Child Support

Child support is one of the most important determinations in family court and these determinations can have a significant effect on everyone involved. Anytime a family case involves minor children, the family court should address the question of child support. Courts strive to reach fair determinations that will best benefit the child without overly burdening the parents. For example, a court wants to make sure that the child support is enough to cover the needs of the child, but will generally not order an amount so high that the paying parent cannot cover their own basic expenses. No matter whether you are seeking or paying child support, it is important that you are represented by an attorney who is familiar with child support law and can stand up for your rights.

How Child Support is Calculated

Courts do not have wide discretion when determining the amount of child support that must be paid in each case. In fact, the amount is generally calculated using specific guidelines that take into account the monthly income of both parents and the percentage of financial support each parent is supposed to provide. Under law, courts do have the authority to order five percent more or less than the calculated amount based on the following factors:

  • Specific needs of the child, including any special needs;
  • The age of the child;
  • The standard of living and station in life of the child; and
  • The ability to pay and financial status of both parents.

Additionally, under rare circumstances, a court may order child support outside the five percent margin, though it must provide a written explanation for why the calculated amount is inappropriate or unjust.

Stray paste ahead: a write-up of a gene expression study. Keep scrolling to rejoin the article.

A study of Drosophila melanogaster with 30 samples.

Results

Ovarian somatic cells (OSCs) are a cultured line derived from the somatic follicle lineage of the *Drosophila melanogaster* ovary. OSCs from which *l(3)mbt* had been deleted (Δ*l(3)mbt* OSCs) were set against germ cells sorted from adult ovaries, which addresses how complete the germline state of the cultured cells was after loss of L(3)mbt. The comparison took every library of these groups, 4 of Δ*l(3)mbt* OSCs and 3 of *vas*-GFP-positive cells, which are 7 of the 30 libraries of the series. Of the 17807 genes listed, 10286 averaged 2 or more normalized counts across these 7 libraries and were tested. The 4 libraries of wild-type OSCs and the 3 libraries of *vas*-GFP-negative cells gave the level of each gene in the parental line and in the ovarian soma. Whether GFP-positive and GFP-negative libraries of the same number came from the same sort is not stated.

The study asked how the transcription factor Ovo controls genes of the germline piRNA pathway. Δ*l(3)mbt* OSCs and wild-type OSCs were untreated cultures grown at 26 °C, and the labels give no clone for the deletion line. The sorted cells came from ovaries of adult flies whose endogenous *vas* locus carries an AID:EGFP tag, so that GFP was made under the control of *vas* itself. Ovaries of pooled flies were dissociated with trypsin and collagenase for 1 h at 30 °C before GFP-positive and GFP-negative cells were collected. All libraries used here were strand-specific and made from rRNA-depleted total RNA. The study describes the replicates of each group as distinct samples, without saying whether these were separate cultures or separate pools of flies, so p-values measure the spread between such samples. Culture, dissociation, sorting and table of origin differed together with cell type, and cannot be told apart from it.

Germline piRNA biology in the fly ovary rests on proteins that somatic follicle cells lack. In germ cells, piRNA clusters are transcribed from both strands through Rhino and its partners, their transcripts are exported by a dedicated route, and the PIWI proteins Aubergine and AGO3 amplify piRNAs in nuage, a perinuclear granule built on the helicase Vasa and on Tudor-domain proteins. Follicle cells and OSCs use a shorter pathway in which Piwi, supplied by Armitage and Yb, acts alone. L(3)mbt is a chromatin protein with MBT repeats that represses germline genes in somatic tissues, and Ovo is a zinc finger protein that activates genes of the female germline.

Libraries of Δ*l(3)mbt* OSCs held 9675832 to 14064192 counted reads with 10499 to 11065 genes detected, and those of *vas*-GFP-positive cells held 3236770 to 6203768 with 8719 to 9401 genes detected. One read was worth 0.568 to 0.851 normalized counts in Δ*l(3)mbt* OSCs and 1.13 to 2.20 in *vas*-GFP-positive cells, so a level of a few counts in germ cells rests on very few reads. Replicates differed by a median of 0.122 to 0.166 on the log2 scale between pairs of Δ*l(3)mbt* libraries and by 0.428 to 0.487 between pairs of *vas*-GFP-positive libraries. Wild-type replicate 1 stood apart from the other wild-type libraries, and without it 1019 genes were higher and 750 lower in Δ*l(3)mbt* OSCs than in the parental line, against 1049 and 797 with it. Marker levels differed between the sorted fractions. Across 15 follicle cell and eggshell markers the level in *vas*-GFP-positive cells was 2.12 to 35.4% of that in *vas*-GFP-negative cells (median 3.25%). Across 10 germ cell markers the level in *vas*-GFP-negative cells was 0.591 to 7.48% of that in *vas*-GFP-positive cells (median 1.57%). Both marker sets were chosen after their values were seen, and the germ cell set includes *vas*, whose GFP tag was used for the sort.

Enforcement and Modification

The court’s order for child support is rarely the end of the case, unfortunately. Many parents return to court numerous times regarding child support questions. For example, if one parent fails to make their child support payments as scheduled, the other parent can request that the court enforce the order through a variety of ways including contempt, sanctions, garnishments, or even criminal charges. 

Additionally, one of the parents may wish to return to court to request a modification of the child support order. For example, the parent receiving support may request more based on increased needs of the child or higher income on the part of the paying parent. Conversely, the paying parent may request less due to a change in jobs or other financial difficulties. In order for a child support modification to be granted, however, you must prove that there has been a substantial change in circumstances warranting the modification. 

Contact an Experienced Child Support Attorney for Help Today

If you are facing a divorce with children or another type of child support battle, it is imperative that you have an experienced child support attorney representing your best interests in court. An attorney can help you present evidence of your financial situation or of a substantial change in circumstances if you are seeking a modification. Please feel free to contact a dedicated child support lawyer for help today.